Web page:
This week’s question from “Ask Us Anything” comes from someone who wishes to remain anonymous.
My law firm became wildly successful. Our marketing worked really well, and we got called books every day. (We do a lot of Google advertising.) So, I got comfortable and opened another company. I stopped “trying hard,” and I started leveraging.
But now everything is collapsing in the law firm. Our marketing has completely tanked, after Google made a change. Colleagues said they were going to reduce their calls. So, I prompted MY marketing people to push harder.
We called our former clients, did various campaigns, worked more, but nothing seems to be happening. I feel like we’re using leverage—I’m putting more money, time, and effort into it to fix the issue. But everything just keeps falling flat. The effort is not producing results. Am I trying too hard? Am I not trying hard enough?
If you stop working diligently on your first business (the law firm) and take your finger off the pulse of what’s going on there, it could totally fall apart.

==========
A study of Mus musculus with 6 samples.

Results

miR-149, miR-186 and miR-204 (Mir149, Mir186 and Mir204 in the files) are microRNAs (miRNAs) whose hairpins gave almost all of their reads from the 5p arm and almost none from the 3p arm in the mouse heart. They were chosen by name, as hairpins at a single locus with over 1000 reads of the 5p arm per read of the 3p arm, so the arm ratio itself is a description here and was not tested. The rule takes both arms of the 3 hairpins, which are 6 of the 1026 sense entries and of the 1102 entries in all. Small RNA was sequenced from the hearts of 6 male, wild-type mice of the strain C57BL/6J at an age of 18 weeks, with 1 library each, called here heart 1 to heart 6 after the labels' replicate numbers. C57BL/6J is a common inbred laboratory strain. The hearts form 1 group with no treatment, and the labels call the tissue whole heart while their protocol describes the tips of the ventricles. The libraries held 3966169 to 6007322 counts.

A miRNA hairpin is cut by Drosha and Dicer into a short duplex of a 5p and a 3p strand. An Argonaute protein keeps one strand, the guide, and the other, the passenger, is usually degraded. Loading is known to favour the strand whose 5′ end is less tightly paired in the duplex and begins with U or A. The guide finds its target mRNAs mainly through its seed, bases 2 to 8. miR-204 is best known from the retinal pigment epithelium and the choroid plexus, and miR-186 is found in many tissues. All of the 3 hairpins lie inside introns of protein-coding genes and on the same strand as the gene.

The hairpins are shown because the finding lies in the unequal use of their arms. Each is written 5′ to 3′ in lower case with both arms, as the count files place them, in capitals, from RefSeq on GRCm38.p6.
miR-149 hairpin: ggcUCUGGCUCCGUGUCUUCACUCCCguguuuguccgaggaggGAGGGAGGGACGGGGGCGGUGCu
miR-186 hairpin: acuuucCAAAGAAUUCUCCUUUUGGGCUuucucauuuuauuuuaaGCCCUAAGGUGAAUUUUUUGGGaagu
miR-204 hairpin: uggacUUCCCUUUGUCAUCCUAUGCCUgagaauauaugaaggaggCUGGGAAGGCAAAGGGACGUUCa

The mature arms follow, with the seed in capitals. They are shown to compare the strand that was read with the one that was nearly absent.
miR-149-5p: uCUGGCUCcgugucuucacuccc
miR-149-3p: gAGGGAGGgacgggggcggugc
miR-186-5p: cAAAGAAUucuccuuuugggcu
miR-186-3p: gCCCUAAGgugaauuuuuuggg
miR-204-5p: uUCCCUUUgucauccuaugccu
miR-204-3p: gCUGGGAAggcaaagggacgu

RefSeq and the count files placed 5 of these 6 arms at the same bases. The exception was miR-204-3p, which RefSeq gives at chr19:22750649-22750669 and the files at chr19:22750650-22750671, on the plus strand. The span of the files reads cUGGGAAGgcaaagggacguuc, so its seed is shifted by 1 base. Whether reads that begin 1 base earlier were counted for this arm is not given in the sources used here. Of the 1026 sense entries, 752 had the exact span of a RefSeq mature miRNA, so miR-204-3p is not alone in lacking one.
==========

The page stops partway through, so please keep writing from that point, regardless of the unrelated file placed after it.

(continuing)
There’s a difference between hard work and diligent work.
In business, “hard work” can show up as:
- Not asking for help. E.g., you’re facing a problem and you’re trying to figure it out yourself—instead of asking for help from someone who knows how to solve that problem in five minutes
- Not wanting to spend money because you don’t think there’s enough to expand
I recommend the following exercise:
Look at all the areas in your life where you might be using “hard work” as a strategy. Examine each area and ask yourself:
“Am I still using ‘working harder’ as a strategy anywhere?”
Also, look for the areas of where leverage is. You can leverage people, time, money and ideas.
If you’re not leveraging, your approach is to “try harder.”
You mentioned that you prompted your team to “push harder.” There you go. That’s where you’re still using the “work hard” strategy.
Fixing your issue is not about working harder. It’s about identifying what’s NOT working, correcting it, and testing something new—until you find out what IS working.
Things like Google ads can change on the daily.
But now you’ve identified where you’re still using ‘hard work’ as a strategy.